Nearly a decade after India successfully got its spacecraft to fly millions of kilometers away to the Martian orbit in its first-ever inter-planetary mission, it is now aiming straight for the Sun. The country’s first solar mission ISRO Aditya L1 has been a long time in coming.
Though initially set to take-off this year, the mission has suffered multiple delays, only to be pushed further back by the pandemic. But with ISRO now on track to speed up its series of pending missions including taking a second shot at moon landing with Chandrayaan-2 this year, country’s first solar mission has also gathered pace and is now edging towards completion, say scientists.
What’s The Plan?
The Sun has eluded scientists for long — the closest star that carries the secret to the ultimate source of energy that drives life on Earth. The US-led National Aeronautics and Space Administration (NASA) and other international space agencies already have a fleet of spacecraft which have been studying everything from its atmosphere to its surface. Launched in 2018, NASA’s Parker Solar Probe in fact became the first space craft to have had the closest encounter with the Sun in 2021.
But for Indian Space Research Organisation (ISRO), it will be a first such mission to study the Sun. The idea is to place the spacecraft in a halo orbit around the first Lagrange point — L1 of the Sun-Earth system. L1 is a vantage point in space where the gravitation forces of the Earth and the Sun are roughly equal – such that a satellite can orbit steadily around both the Earth and the Sun, and monitor it 24/7.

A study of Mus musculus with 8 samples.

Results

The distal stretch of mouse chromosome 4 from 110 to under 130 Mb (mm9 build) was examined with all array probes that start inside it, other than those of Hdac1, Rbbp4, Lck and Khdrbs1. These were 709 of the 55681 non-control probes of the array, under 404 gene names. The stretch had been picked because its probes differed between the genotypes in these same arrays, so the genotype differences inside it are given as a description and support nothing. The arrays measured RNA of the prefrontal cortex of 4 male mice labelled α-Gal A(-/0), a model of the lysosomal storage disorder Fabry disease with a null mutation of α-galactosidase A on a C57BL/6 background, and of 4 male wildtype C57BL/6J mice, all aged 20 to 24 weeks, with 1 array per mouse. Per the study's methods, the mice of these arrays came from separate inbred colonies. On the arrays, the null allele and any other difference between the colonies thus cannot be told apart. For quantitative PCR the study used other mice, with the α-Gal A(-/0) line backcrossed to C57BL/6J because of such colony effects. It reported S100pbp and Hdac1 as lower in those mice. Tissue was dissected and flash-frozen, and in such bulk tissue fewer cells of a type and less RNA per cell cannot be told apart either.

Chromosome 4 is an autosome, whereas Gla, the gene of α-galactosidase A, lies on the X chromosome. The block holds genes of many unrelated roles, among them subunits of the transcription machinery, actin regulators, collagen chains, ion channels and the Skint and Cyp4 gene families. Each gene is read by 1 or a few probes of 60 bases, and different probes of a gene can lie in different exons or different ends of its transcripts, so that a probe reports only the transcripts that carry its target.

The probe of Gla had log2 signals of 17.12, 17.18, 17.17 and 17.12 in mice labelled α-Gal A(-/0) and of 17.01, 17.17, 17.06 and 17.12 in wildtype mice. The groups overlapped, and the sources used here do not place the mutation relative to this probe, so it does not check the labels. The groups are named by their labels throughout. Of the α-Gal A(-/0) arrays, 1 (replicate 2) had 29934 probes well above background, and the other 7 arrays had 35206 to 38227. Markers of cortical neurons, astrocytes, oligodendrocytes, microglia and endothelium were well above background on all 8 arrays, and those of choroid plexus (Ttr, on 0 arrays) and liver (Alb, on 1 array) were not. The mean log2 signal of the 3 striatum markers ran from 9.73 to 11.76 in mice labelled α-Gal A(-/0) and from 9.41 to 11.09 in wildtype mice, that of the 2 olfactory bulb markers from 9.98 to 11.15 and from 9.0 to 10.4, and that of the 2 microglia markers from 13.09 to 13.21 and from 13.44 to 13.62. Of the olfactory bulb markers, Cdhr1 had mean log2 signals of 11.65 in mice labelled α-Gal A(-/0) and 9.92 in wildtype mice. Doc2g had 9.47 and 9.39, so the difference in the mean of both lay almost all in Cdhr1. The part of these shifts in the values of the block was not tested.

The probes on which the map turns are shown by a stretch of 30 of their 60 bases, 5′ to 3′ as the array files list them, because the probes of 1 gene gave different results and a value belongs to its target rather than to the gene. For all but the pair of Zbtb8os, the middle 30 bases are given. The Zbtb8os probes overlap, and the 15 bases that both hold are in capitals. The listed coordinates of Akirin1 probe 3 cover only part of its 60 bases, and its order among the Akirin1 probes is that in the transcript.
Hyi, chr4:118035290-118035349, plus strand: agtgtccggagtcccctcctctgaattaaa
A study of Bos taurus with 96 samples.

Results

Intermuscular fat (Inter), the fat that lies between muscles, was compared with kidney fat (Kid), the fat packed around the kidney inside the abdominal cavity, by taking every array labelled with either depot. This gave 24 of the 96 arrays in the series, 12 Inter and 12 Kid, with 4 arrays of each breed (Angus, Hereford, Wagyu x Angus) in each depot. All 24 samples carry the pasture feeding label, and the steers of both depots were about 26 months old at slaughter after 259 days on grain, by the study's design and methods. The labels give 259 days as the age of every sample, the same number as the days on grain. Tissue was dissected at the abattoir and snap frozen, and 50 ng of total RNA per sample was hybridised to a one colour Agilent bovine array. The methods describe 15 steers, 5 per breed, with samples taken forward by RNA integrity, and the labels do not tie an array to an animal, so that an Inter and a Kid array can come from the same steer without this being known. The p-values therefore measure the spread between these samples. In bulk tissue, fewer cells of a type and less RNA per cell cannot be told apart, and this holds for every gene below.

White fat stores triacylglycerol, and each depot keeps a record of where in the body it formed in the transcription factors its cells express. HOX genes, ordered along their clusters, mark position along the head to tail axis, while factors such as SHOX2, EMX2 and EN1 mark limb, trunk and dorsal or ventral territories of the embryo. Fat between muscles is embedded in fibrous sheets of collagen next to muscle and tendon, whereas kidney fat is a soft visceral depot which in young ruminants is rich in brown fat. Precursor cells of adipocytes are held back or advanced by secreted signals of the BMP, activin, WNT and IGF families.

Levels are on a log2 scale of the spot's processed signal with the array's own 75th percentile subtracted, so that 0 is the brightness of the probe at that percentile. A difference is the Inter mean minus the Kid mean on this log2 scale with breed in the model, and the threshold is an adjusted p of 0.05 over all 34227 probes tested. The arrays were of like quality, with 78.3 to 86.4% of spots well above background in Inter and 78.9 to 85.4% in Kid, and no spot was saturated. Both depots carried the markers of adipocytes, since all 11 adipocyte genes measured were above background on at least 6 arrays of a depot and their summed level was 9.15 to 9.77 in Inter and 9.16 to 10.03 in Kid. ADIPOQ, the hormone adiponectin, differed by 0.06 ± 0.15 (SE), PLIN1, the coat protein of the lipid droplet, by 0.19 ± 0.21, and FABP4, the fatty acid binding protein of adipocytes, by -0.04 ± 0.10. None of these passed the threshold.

If ISRO is able to put the satellite around the L1 point, it would guarantee a major advantage of continuously viewing the Sun without any eclipse for the entire duration of the mission of at least five years.
Seven Payloads Aboard A PSLV
According to the plan, Aditya-L1 would carry as many as seven payloads which would observe the three layers of the Sun — photosphere, chromosphere, and the outermost layers — the corona using electromagnetic and particle detectors. Four of the payloads would directly view the Sun from the unique vantage point of L1, while the remaining three would carry out in-situ studies of particles and fields at L1.
Scientists expect that they would be able to study coronal heating, and delve more into the particle dynamics of the Sun. Till date, Sun remains a burning mystery, and researchers have been trying to understand the physics of its heating mechanism where surface temperatures shoot up to 5700 ℃. They want to decode the sequences that occur at its multiple layers, which drive its processes, and the magnetic field around it.
The payloads will also look at gaining new information into drivers for space weather, and what forms solar winds.
A Science Working Group with physicists from several institutes of India including the Bengaluru-based Indian Institute of Astrophysics (IIA) which are engaged in solar science research has already been working to finalise the mission design.
With Dr Sankarasubramanian K at the helm, Space Astronomy Group (SAG) of UR Rao Satellite Centre (URSC), Bengaluru, is now leading the work on readying all the scientific payloads for Aditya-L1. The mission is crucial, and it will help the global scientific community better understand the all-powerful Sun, but ISRO has a hard task to navigate a challenging orbit millions of kilometres away to reach the point.
With Chandrayaan-2 and Gaganyaan already scheduled, it remains to be seen, when the agency finally decides to head out for its next big destination — the Sun.